The search for sexual gratification amidst a bored existence is the stuff of cheesy romance novels and late-night Cinemax skin fests. When you try to take it seriously with a psychological edge, chances are you will end up at Sundance or another major film festival. 2013’s Sundance featured no less than Concussion, Two Mothers and A Teacher, all films with women of a certain age exploring their newfound sexuality to varying levels of taboo. Afternoon Delight aims to make the same play but through a more comedic sensibility. Instead it winds up being one of the biggest tonal messes on display – comically, dramatically and morally – that is ultimately like trying to watch a Judd Apatow production of Shame.

The film’s title derives not from the Starland Vocal Band song (their version nor Ron Burgundy’s is referred to) but from housewife Rachel (Kathryn Hahn). She tells her therapist (Jane Lynch) that she would prefer to get some in the afternoon rather than the nothing at night she has received for six months from her work-obsessed husband (Josh Radnor). To spice things up, the couple go with their friends to a strip club where an encounter with announced “19 year-old” dancer McKenna leads Rachel to discomfort, vomit and ultimately a stalking obsession with her. Quickly the pair become friends and when McKenna is thrown out of her digs she begins living with Rachel and Jeff, even playing nanny to their four year-old son. Look what mommy brought home, kiddo.

Any questions over bringing a stripper home to the suburbs as a housemate may rankle prudes looking for something to wince at. After all there is the consideration that Rachel’s “saving” of McKenna could just be another Risky Business-like situation that is going to blow up in her face. The dancer’s appreciation of this hospitality does seem sincere, especially as Rachel must additionally come to terms that she is also a “sex worker.” Not the kind that Helen Hunt portrayed in The Sessions, but the more biblical kind. The further Rachel explores this side of her new pal’s life, the further Afternoon Delight has trouble justifying precisely what kind of film it wants to be.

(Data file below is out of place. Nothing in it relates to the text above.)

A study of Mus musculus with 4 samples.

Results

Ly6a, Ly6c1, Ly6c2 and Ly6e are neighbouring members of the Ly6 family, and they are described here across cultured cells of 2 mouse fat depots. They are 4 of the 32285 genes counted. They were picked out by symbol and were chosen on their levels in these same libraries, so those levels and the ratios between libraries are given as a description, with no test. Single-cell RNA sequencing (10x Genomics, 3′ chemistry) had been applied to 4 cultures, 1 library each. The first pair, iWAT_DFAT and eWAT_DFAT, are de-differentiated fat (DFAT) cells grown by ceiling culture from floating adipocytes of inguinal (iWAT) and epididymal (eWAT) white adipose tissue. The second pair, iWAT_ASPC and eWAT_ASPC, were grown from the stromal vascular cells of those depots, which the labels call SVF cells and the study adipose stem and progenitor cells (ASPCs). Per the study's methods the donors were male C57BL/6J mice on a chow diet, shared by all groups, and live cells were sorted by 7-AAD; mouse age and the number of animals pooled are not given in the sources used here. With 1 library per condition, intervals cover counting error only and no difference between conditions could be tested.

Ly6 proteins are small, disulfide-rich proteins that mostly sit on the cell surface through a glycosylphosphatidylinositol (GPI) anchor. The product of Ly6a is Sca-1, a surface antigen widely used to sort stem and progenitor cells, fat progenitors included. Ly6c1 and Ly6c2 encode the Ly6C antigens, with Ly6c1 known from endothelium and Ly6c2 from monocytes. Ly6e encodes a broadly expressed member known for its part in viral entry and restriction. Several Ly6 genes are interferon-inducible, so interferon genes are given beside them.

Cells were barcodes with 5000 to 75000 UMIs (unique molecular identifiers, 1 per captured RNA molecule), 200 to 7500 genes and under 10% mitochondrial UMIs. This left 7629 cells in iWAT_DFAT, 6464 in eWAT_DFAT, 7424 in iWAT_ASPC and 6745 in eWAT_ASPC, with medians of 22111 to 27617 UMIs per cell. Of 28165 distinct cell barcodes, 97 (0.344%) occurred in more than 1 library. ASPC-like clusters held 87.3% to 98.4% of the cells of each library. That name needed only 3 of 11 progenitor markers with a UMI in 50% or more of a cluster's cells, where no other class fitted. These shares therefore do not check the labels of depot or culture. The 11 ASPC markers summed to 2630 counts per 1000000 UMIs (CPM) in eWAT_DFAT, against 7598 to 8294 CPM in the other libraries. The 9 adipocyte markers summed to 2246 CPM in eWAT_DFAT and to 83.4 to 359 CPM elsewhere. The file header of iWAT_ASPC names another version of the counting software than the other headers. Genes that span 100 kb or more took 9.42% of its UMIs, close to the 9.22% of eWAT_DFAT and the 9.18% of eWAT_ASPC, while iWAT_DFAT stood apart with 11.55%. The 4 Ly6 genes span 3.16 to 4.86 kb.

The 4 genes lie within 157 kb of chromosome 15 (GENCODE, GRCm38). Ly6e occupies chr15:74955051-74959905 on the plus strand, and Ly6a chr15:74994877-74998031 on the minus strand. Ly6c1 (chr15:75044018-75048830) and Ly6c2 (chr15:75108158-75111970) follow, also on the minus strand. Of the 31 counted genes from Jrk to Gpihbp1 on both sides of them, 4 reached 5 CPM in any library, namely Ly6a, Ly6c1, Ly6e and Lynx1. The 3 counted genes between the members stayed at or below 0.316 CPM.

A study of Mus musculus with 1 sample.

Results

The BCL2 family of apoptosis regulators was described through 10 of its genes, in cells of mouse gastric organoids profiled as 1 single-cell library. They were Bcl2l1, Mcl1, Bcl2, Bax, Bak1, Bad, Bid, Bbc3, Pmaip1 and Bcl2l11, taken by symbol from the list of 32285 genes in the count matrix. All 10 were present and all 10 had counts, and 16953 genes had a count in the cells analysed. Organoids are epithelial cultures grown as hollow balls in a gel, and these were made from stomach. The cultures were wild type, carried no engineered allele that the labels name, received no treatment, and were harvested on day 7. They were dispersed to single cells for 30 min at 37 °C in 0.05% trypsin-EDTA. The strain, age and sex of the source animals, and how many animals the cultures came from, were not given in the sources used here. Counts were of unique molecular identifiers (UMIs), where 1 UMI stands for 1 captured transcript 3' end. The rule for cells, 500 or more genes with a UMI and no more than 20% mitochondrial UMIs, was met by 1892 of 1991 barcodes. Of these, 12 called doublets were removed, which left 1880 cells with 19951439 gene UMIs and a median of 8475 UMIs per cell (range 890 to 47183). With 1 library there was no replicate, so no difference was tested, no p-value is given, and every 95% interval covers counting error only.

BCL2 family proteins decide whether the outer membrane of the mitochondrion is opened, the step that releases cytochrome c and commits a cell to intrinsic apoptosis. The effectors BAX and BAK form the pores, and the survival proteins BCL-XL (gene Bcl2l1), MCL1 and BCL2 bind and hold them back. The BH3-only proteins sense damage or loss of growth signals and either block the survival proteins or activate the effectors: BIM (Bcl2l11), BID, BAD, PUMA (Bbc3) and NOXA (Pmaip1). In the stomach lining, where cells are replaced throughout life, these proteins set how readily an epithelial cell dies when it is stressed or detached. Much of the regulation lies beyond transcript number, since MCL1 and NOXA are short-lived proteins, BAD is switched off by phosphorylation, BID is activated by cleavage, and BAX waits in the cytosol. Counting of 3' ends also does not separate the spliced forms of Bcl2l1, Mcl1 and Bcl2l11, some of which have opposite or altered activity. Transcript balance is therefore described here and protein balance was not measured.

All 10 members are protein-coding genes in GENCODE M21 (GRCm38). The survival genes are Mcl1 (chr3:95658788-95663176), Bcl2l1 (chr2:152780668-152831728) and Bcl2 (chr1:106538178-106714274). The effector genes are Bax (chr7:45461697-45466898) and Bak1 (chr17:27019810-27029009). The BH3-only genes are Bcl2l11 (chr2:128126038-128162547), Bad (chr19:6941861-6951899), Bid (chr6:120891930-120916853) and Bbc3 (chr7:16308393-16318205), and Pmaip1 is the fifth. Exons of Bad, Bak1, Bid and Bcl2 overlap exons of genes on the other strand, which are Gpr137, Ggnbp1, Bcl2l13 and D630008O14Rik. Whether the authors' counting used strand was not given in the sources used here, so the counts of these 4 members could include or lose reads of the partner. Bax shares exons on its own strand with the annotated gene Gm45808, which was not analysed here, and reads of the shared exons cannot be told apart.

Hahn is a very gifted comedic actress who has shown range in drama on HBO’s Girls and Hung as well, so it is far from her fault that Rachel becomes a disjointed personality not through performance but from the writing and direction from Jill Soloway. Comedy often has little problems transitioning into dramatics, but it’s quite a stretch to go from teaching stripper moves in the backyard to Rachel’s horrified presence as part of a voyeuristic outcall with McKenna. It is a scene not played for uncomfortable laughter but more like part of a sexual thriller. Later, in the most confused sequence of them all, a night on the town for the ladies is interspersed with a poker game for the guys that quickly turns into a sexualized party. While the men are shown in a hypnotized haze, the women drink and fancifully joke about sex, including making reference to Michael Fassbender’s second-most noted talent; a gag more likely for the comediennes behind the characters they are actually playing. It is a scene that wants to suspenseful, fall-down funny and full of tragic confessions and consequences which come to such a confrontational head that it is impossible to believe in anyone’s behavior in the last 80 minutes that led up to it.

Temple’s McKenna is the natural catalyst for a lot of this behavior but she is so underwritten as a character that it is easy to mistake her for any of Temple’s other kewpie-doll characters who frequently show their boobies. Radnor’s husband is given three dimensions – in that he is given three different types of scenes to play: workaholic, bedtime sex and finally explosive anger over situations he could have stopped long ago. The inconsistency up and down in Soloway’s script and tone at least has the occasional deflection of Hahn doing her best to make this the character study it was likely intended to be. She serves up the bulk of the film’s laughs and when she is not cracking wise, there’s a pain behind her eyes that we wish was more seriously explored in a film about adults and not one just about adult situations.